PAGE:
Hadoop Opens the Door to Solving “Unsolvable” Problems

Hadoop will be at least as disruptive to the IT industry as Linux has been, says Abhishek Mehta, managing director for big data and analytics for Bank of America. And one major reason for that is that it will allow business to solve what until now have often been regarded as insoluble problems.

“As a banker, I now can end fraud,” he told Wikibon Co-Founder David Vellante and SiliconAngle Founder John Furrier in an interview from Hadoopworld on Siliconangle.tv (http://www.siliconangle.tv/video/bofas-abhi-mehta-hadoop-major-disruptive-force). “Think big. Throw out the assumption that the big problems – eliminating fraud, mapping the spread of disease, understanding the traffic system, optimizing the energy grid – are unsolvable. They can be solved now.”

Those and similar breakthroughs will be built on the ability to analyze huge amounts of data, almost all of it unstructured, that can be captured in Hadoop-based technology. That will become the basis for a second industrial revolution based on the data factory, he says. And one major reason that they can be solved is that Hadoop technology allows models to be built based on analysis of an entire universe of data rather than a subset. “Sampling in finished. As a bank I can think about eliminating fraud because I can build a model looking at every incidence of fraud going back five years for every single person, rather than sampling the data, building a model, realizing there is an outlier that breaks the model, and then rebuilding the model. Those days are over.”

Mr. Mehta, who spent six months earlier this year in Silicon Valley, taking a deep dive into the operations of four of the pioneers of this new data-based economy – Facebook, Yahoo!, Twitter and gaming company Zinga – says these companies provide the model for these new data factories. “The U.S. has nothing to worry about,” he says. “The data factories are happening here.”

Data factories will drive the new economy, he says, because data is central to business. “Wal-Mart for me is a data company. Bank of America is a data company. And we are all technology companies. We may not talk that way, but we are technology companies.”image

Data factories are built on three core concepts, he says:

You have to believe that your core asset is data.

You have to be able to automate the data pipeline.

You need to know how to monetize your data assets.

Hadoop is the big game changer, the foundation on which data factories will be built, he says. “it’s a massive game changer. Google processes a terabyte an hour. Processes it. I can’t even store it.”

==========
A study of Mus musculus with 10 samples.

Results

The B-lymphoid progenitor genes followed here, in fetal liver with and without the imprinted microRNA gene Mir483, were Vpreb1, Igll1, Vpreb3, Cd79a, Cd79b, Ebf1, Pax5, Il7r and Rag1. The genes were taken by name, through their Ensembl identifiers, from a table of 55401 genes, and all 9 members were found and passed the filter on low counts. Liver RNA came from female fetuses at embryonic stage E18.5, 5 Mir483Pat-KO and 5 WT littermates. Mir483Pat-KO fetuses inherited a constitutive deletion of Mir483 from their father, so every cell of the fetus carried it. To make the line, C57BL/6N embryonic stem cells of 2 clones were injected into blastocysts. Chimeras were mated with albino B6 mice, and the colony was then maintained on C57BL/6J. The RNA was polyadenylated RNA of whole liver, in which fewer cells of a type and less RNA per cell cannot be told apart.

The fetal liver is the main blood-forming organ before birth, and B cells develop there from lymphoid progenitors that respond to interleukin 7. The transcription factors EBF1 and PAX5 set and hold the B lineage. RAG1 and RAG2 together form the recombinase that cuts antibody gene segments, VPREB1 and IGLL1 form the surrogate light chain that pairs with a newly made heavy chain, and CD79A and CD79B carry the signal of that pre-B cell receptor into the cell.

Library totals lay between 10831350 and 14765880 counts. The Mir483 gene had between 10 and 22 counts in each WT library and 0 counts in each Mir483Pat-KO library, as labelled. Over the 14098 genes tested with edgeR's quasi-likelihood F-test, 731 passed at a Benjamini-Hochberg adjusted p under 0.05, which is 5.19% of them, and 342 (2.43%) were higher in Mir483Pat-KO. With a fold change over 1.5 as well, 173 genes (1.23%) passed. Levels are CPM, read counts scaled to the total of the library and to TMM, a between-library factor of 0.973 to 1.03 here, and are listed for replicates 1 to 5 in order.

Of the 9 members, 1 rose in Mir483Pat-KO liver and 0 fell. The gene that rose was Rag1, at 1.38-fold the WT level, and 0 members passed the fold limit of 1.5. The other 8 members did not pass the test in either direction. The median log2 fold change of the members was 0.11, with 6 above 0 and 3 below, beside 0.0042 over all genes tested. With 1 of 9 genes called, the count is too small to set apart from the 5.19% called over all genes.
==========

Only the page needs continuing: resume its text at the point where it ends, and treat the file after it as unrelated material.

This is vital because the new problems we face often involve huge amounts of data. The human genome project, for instance, involves the analysis of three billion base pairs. The first human genome took 10 years. The second one took three. “Today, you can do it in a week.”

Today six billion mobile phones are operating worldwide. They are access points to massive amounts of data and services in the cloud. Mr. Mehta envisions data factories becoming clouds in themselves, so Facebook is evolving into a large social cloud, the telecom companies are becoming communications clouds, and large financial services companies like Bank of America are becoming financial services clouds.

“Does mobile banking change the way people do payments today?” he asks. “The answer is yes. What model emerges remains to be seen. It’s not as simple as saying that a phone can be an access point for players.” And tracking how that evolves, how different players find places in the mobile payments infrastructure, and just keeping track of the billions of transactions that will originate from those cell phones to ensure that they are completed correctly, will require the capture and processing and analysis of huge amounts of data.

The ultimate example is the large hadron collider in Switzerland, which, when it is running, produces 40 Tbytes of data a second, he says. “Holy cow, how do you store that?”

About Bert Latamore

Bert Latamore is a journalist and freelance writer with 30 years of experience in the IT industry including four years at Gartner and five at META Group. He is presently the editor at Wikibon.org, and associate editor at Seybold Publishing. He follows the mobile computing market, including PDAs and tablet computing, and related subjects such as both a user of PDAs and tablet computers for more than 20 years and as a strategic analyst. He was the first person at Gartner to carry a pocket computer, in 1989.